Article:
Alpaca industry seeking to double Australian herd numbers within years

ABC News
By: Jennifer Nichols
Photo: By Jennifer Nichols/ABC Rural
Photo Caption: There is little not to love about alpacas, from their fleece, to their personalities and their meat.

Original content from ABC News.

A transformation is underway within Australia's alpaca industry as it attempts to double the size of the nation's herd within the next few years.

The attractive animals, characterised by long, graceful necks and expressive eyes fringed by ridiculously long lashes, are farmed for their genetics, meat, and fine fleece.

Once the domain of hobby farmers, the industry has become fully sustainable and has never been stronger, according to Australian Alpaca Association president Ian Frith.

"It's really on an upward curve [and] fleece sales are excellent at the moment," he said.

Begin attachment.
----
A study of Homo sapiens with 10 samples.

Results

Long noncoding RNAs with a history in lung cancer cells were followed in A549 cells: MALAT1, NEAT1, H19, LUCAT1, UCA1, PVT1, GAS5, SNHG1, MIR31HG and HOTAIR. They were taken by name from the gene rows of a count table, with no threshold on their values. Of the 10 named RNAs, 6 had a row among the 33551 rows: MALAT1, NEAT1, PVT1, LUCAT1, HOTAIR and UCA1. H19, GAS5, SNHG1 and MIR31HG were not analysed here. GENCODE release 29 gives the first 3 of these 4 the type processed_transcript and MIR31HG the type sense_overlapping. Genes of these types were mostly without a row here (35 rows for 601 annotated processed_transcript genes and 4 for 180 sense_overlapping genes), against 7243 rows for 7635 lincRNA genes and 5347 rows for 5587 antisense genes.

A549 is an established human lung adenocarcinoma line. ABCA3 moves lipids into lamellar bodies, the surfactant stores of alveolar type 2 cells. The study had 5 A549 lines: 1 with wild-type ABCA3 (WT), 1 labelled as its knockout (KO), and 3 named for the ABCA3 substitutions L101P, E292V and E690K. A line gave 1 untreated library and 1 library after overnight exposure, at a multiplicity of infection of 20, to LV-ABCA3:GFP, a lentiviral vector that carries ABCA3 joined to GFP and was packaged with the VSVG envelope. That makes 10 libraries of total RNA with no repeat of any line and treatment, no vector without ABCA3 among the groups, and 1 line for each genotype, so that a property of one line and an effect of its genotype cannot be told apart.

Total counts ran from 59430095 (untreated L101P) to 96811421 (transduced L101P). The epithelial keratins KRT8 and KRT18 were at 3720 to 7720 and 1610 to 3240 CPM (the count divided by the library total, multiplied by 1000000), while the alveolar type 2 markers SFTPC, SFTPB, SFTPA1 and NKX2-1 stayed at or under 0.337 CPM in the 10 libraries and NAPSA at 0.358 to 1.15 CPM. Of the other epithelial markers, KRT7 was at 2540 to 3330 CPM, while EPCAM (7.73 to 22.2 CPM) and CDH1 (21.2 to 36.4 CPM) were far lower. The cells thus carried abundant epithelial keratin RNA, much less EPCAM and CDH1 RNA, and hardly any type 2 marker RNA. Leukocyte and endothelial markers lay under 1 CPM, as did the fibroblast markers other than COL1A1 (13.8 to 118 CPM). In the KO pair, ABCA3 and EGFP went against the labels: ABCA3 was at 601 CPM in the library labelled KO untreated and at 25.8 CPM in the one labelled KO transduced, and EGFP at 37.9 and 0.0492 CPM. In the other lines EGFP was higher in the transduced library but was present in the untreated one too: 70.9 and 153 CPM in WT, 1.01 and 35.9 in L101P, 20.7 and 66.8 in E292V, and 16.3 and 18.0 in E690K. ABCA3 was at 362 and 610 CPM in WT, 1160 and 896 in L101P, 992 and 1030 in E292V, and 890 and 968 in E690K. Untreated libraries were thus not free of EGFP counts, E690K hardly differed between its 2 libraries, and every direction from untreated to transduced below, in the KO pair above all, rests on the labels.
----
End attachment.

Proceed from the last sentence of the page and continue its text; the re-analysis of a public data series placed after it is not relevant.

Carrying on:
"Supply can't even meet demand which is very, very encouraging and the prices are good.

"We had a lass out from China the other day to talk to us, from one of the mills, and they're 3,000 tonnes short annually of alpaca fleece.

"There have been some very, very good animal sales into Asia by some of our breeders who've done an excellent job of promoting the alpaca industry overseas, and the meat side's going well so all up the industry is thriving."

Around 2,300 alpaca breeders have registered more than 200,000 animals in Australia but Mr Frith estimated the national herd would already be twice that size, with plans to top one million alpacas by 2021.

"Now we've got people [with] large farms that are really doing exceptionally well for themselves," he said.

"You can be a successful alpaca farmer with 50 to 60 good genetic animals or you go the broader acreage and run them just like sheep.

Read the rest of this story and view the photos at ABC News.